8 Signs You Were in a Christian Rock Band

These days, if you want to determine whether or not a rock band is a “Christian” rock band, it’s pretty easy: just listen to the lyrics. Most of the players in today’s Gospel music industry sing about their faith with a lot of honesty and force. However, as any child of the ’70s or ’80s can attest, it wasn’t always so simple. You may remember the early days of Contemporary Christian Rock, in which many bands, desperate for mainstream cred, would layer their faith under ambiguous pronouns and metaphors, making it difficult to always know whether your band was a Christian rock band or just a regular old garden variety rock band. There were, however, a few telltale signs.

You Had an Amazing Rock Van

To be fair, Stryper is the only band we could think of that had a heavily armed, bumblebee yellow upside down—the bar has been set pretty high. Literally. He’s like 30-feet over the audience on a massive jib arm. If you’ve never seen it, you’re missing out.

Though more than likely, because most of your band’s shows took place in church sanctuaries, your drum kit likely did not do much mid-air acrobatics. Instead, it looked like a haphazardly-constructed Plexiglas octagon. As part of an unspoken evangelical creed, all church rock and worship drummers must play inside aquarium-like glass structures positioned in the back corner of the stage.

Your Band Name Contained an Obscure Biblical Reference or a Cross in the Logo

A hallmark of many Christian bands is some sort of obscure biblical reference in the name and/or a cross cleverly incorporated into the logo. Bonus points if the name of the band, without any sort of religious context, sounds completely terrifying (Day of Fire, Demon Hunter, With Blood Comes Cleansing, Living Sacrifice, Impending Doom).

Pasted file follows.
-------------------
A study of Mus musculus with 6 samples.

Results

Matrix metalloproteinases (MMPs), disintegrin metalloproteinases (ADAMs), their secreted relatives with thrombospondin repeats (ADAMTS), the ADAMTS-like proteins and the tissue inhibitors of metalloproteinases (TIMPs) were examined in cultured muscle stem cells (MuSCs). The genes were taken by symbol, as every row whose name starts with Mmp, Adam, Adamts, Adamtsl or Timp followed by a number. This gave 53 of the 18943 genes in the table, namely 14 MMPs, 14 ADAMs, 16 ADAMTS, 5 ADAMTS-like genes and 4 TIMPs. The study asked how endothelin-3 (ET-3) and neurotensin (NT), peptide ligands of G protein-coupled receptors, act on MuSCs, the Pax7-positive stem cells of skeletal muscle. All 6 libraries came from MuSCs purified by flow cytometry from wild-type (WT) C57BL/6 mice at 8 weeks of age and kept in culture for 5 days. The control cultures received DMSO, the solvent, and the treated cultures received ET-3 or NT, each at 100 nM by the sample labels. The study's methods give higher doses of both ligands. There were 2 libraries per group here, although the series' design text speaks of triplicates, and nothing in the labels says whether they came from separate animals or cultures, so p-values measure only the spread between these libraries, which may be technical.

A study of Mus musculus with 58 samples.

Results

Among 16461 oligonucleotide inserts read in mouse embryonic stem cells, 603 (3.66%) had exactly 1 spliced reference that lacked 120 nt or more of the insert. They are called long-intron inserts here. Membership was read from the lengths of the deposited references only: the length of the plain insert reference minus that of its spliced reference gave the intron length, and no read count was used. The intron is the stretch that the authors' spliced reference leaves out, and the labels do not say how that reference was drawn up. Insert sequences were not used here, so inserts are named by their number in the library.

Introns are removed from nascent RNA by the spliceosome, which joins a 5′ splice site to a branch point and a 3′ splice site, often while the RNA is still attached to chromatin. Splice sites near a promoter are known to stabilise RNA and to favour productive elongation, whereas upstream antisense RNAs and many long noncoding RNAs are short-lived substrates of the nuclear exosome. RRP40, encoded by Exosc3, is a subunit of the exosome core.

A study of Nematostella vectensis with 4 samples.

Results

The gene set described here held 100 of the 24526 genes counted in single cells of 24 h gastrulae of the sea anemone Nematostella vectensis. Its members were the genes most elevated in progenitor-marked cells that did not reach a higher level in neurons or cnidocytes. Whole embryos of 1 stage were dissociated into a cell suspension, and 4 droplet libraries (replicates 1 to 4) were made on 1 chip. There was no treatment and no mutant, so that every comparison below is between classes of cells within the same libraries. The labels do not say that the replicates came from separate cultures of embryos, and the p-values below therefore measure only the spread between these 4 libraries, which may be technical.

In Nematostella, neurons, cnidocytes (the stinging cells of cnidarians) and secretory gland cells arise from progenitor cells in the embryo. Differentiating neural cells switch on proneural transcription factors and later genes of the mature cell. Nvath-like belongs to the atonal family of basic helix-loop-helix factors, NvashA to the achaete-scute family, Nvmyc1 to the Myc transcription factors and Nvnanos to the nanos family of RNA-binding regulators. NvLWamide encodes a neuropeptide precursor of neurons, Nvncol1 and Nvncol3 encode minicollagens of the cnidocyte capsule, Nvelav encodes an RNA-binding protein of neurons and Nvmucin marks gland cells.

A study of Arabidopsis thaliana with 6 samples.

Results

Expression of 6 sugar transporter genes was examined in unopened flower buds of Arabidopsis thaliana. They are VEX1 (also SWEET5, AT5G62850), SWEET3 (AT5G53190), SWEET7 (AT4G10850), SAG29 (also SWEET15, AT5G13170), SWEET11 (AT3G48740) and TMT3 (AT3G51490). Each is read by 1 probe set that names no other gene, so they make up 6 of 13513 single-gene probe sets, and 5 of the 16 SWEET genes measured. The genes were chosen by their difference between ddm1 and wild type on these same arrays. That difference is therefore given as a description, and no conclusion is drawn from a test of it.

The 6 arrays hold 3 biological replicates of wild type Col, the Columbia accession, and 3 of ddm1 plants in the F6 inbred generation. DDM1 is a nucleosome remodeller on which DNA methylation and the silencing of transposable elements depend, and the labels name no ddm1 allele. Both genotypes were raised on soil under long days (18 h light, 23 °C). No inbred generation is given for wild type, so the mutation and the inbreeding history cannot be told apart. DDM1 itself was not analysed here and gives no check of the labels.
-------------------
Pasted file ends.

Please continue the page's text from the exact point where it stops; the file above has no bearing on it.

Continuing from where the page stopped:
You Had to Make It Clear You Were Not a Christian Band

If you had to insist that your band was not a Christian rock band, then you were most likely in a Christian rock band.

Actually, we totally get it. “Christian” isn’t a genre. It describes a relationship with Jesus, not a style of music. But in an industry that loves to label trends, “Christian rock” has become its own genre. And, really, Christian music isn’t alone with its slightly tone deaf genre-labeling. We can think of at least a handful of others that could use an update.

You Did Christian Covers of Non-Christian Songs

If your band covered popular, mainstream rock songs and either changed lyrics to give the song some sort of spiritual meaning or purposely chose to cover songs that could, maybe—who knows—actually be about a Christian topic, then you were probably in a Christian rock band. Popular song choices include select tunes from Bob Dylan, Johnny Cash and literally anything by U2.

One of Your Songs Was Addressed to the Devil

Obviously, Christian rockers are no fans of the devil. And what better way to prove it than penning a song directly addressed to the prince of darkness, letting him know just how lame we think he is?

See Also

The essential Christian rock devil playlist includes:

Keith Green’s “Dear John Letter (To the Devil) /
Stryper’s “To Hell with the Devil” /
The W’s “[You Are the Devil and] The Devil Is Bad” /
Larry Norman’s “Why Should the Devil Have All the Good Music” /
Destroy the Runner’s “I, Lucifer”

Hebrew Tattoos

If one of the members of your band has a tattoo of a word or words written in Hebrew, you were most likely in a Christian rock band. Also acceptable: a variation of an Ichthys fish, a cross, some sort of C.S. Lewis reference or a Bible verse.

Your Band Has Been Called a Christian Version of a “Secular” Band

A popular trend among well-meaning youth pastors and Christian music retailers is to create a list of popular “secular” bands and then offer comparable lists of “Christian bands” that can serve as a safe choice for impressionable young rock fans. In reality, most bands—especially Christian ones—rightfully hate this. Most Christian artists would rather not even be labeled as a “Christian” band, and would prefer (and rightfully so) to have their music be recommended on its own merit; not as a comparison to a “mainstream” band. If you and your band were the victims of arbitrary labeling, than you were probably in a Christian band.